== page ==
March 2, 2002


Dr. Ellen Feinberg, 43, was charged with murder and attempted murder. She appeared in court via video camera from a mental health facility, and a judge ordered her held without bail.

Feinberg called authorities Thursday afternoon and said ``she had killed her children and wanted to be killed by the police,″ according to prosecutor Elizabeth Dobson.

The mother told police where they would find her sons and said a knife was in the kitchen sink, Dobson said. Both boys had been stabbed in the chest, and Feinberg had blood on her hands, arms and clothes when police arrived, the prosecutor said.

The older boy, Adam, was pronounced dead at a hospital, and Matthew, 6, was in critical condition Friday.

At the arraignment, Feinberg’s attorney Carol Dison presented a report from a psychiatrist who said Feinberg was unfit to stand trial.

Dison described Feinberg as ``unresponsive and uncooperative,″ and said the doctor who met with her considered her ``acutely suicidal.″ She said she intended to raise insanity as a defense if the case goes to trial.

The attack took place in a well-to-do neighborhood of Champaign, about 130 miles south of Chicago. Neighbors said the boys’ father is a surgeon.

``They were normal, very nice, the last people you would ever think would have a tragedy like this,″ neighbor Alan Parker said. ``The kids do all the normal things kids do.″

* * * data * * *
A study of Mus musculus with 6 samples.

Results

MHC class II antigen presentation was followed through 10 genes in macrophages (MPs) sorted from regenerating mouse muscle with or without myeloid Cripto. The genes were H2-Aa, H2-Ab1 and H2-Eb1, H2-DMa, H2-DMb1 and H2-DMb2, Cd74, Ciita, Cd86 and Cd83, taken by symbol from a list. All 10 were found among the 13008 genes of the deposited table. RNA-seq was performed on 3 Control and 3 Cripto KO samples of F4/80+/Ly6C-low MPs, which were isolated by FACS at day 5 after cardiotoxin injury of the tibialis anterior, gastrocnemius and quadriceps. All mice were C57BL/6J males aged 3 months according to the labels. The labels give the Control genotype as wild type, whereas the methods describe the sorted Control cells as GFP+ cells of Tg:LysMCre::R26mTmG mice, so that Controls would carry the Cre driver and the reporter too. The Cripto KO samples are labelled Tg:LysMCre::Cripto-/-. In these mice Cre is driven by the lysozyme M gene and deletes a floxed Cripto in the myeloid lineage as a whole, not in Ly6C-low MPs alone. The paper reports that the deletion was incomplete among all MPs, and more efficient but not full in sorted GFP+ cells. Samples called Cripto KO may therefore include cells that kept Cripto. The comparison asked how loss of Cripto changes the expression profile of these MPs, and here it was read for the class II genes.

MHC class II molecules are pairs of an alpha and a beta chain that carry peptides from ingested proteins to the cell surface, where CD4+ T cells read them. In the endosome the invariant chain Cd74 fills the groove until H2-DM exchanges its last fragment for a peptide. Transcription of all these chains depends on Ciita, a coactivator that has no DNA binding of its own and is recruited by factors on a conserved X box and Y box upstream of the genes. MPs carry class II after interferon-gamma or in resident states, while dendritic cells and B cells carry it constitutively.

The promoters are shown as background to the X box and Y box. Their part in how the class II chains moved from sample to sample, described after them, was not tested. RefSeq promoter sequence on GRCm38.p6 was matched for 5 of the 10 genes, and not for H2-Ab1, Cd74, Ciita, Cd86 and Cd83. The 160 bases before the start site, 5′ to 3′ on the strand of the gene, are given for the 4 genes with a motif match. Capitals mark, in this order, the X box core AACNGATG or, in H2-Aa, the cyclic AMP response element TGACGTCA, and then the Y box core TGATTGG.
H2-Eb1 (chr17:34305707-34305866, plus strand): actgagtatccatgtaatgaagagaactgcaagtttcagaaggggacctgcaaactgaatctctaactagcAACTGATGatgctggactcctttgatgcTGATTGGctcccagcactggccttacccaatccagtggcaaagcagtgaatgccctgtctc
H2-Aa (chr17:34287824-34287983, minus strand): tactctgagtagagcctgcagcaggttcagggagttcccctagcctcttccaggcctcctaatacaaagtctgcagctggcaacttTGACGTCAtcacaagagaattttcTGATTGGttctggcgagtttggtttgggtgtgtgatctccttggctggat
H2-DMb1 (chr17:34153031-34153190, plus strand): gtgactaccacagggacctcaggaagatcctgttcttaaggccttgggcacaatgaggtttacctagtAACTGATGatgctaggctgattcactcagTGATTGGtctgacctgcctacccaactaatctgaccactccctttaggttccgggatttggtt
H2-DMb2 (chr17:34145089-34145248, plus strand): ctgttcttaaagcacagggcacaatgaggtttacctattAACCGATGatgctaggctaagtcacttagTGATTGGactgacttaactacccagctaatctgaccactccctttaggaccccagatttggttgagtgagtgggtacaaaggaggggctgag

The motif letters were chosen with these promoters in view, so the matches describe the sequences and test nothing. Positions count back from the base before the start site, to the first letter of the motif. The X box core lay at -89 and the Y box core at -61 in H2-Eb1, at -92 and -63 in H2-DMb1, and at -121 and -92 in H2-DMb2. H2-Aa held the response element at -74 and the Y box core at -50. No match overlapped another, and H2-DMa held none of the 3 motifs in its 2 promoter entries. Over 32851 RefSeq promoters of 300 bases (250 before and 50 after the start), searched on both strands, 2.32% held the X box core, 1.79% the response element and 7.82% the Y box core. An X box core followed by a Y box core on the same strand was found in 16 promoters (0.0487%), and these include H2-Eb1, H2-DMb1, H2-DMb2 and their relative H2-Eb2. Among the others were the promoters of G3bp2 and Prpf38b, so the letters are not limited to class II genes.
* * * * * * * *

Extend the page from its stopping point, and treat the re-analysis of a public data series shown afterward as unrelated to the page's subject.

Police said the mother and children were the only ones in the home at the time of the stabbings. Nobody answered the door at the home Friday.

State regulators did not have a record of a medical license for an Ellen M. Feinberg, but did have one for an Ellen M. Hochberg, at the same address.

That license was obtained in 1990 and changed to inactive, meaning its holder could not practice medicine, in 1999, according to a spokesman for the Department of Professional Regulation. There was no record of any disciplinary action.

Al Ryle, who lives next door, said the mother quit her practice to spend more time with the children. Earlier Thursday, he said, she had chaperoned a field trip with Adam’s class.

``When we found out what happened, it was absolutely devastating,″ he said. ``The brain is a very strange thing. I don’t know if ‘snapped’ is the right term, but I don’t think she consciously did this.″

At Barkstall Elementary, educators met Friday with parents of Adam’s classmates, assistant superintendent Arlene Blank said. The children piled cards and flowers on the boy’s empty desk.

``It’s hit his classmates quite hard,″ she said.